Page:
SOUTHINGTON — The construction of a new concrete water tower on Mill Street reached another milestone this week when crews poured what will be the 65-foot-tall structure’s roof.
Bill Casarella, superintendent of the Southington Water Department, said the project is “right on schedule.” Contractors are wrapping the tank’s new concrete panels in wire and will “shotcrete,” or spray, another layer of concrete over that wire to form a sturdy layer.
“It looks like a big power washer,” Casarella said of the pumps used to spray the concrete. “They’ll blast the wire with concrete.”
As the concrete cures the layers toward the bottom of the tank, it will get thicker, he said.
Casarella expects the tower will be substantially completed this fall. But he said it most likely will not be turned on to the town’s water system until the spring.
The concrete tank is expected to be large enough to hold two million gallons of water, replacing the two one-million gallon steel tanks that have long supplied residents and businesses in the area with water.
Once the tank’s construction is complete, contractors will need to install new water lines to feed water from town wells into the tank. From there, another line would deliver treated water to residents and businesses.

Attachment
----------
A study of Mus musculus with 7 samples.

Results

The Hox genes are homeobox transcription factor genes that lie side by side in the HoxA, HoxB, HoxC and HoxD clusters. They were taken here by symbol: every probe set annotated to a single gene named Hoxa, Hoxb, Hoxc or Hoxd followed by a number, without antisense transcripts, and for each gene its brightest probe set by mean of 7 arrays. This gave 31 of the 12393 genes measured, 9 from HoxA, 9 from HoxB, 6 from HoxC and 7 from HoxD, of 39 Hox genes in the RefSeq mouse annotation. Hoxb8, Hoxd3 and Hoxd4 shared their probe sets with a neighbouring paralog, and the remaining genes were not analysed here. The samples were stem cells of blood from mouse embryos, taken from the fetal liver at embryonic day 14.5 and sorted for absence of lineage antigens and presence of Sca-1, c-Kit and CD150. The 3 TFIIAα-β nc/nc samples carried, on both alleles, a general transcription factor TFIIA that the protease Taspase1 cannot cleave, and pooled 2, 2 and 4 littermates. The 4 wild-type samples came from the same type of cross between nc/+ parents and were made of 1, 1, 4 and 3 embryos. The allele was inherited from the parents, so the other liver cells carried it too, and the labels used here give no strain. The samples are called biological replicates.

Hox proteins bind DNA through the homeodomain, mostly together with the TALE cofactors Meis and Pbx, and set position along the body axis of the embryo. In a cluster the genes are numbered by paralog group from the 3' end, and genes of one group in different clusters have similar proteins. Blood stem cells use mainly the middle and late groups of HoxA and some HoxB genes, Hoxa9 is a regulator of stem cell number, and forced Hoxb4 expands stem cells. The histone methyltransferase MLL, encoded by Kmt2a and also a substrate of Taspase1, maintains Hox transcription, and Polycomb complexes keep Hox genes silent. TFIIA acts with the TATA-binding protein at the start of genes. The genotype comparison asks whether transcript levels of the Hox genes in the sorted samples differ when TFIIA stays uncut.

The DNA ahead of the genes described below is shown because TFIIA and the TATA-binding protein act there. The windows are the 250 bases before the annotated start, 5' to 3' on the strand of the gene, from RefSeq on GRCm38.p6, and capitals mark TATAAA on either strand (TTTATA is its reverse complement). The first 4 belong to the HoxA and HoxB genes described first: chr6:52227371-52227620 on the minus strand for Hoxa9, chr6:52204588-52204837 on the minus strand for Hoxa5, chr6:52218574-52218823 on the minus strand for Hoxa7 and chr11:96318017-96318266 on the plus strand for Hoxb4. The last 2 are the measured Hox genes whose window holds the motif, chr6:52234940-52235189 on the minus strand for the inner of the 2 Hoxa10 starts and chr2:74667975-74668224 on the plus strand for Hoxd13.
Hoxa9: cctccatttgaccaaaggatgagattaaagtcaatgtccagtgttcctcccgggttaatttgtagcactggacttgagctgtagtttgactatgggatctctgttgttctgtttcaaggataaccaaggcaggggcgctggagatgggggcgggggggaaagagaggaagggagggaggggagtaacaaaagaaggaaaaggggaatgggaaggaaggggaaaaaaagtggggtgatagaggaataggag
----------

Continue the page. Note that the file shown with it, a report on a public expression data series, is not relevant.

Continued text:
But there are still several steps before that happens, Casarella said.
“Then we have to pressure test all the water mains. We have to chlorinate the tank for bacteria,” he said.
Then water samples would need to be collected and tested to ensure a clean water supply, Casarella said.
Casarella said construction began in May, with contractors first clearing the site.
Once the new tank is online and the old tanks have been taken offline, they will be demolished. Casarella did not give a timeline for when that demolition would happen.
Casarella said constructing a new concrete tank instead of upgrading the existing 60-year-old and 70-year-old tanks is the most feasible long-term plan.
A concrete tank would require a lot less long-term maintenance than the existing steel tanks, Casarella said.
The $3.2 million project is being funded in large part through a low interest loan the water department received through Connecticut’s Drinking Water State Revolving Fund Program.
“It’s moving along fine,” Casarella said. “I’m satisfied with the schedule that they’re on.”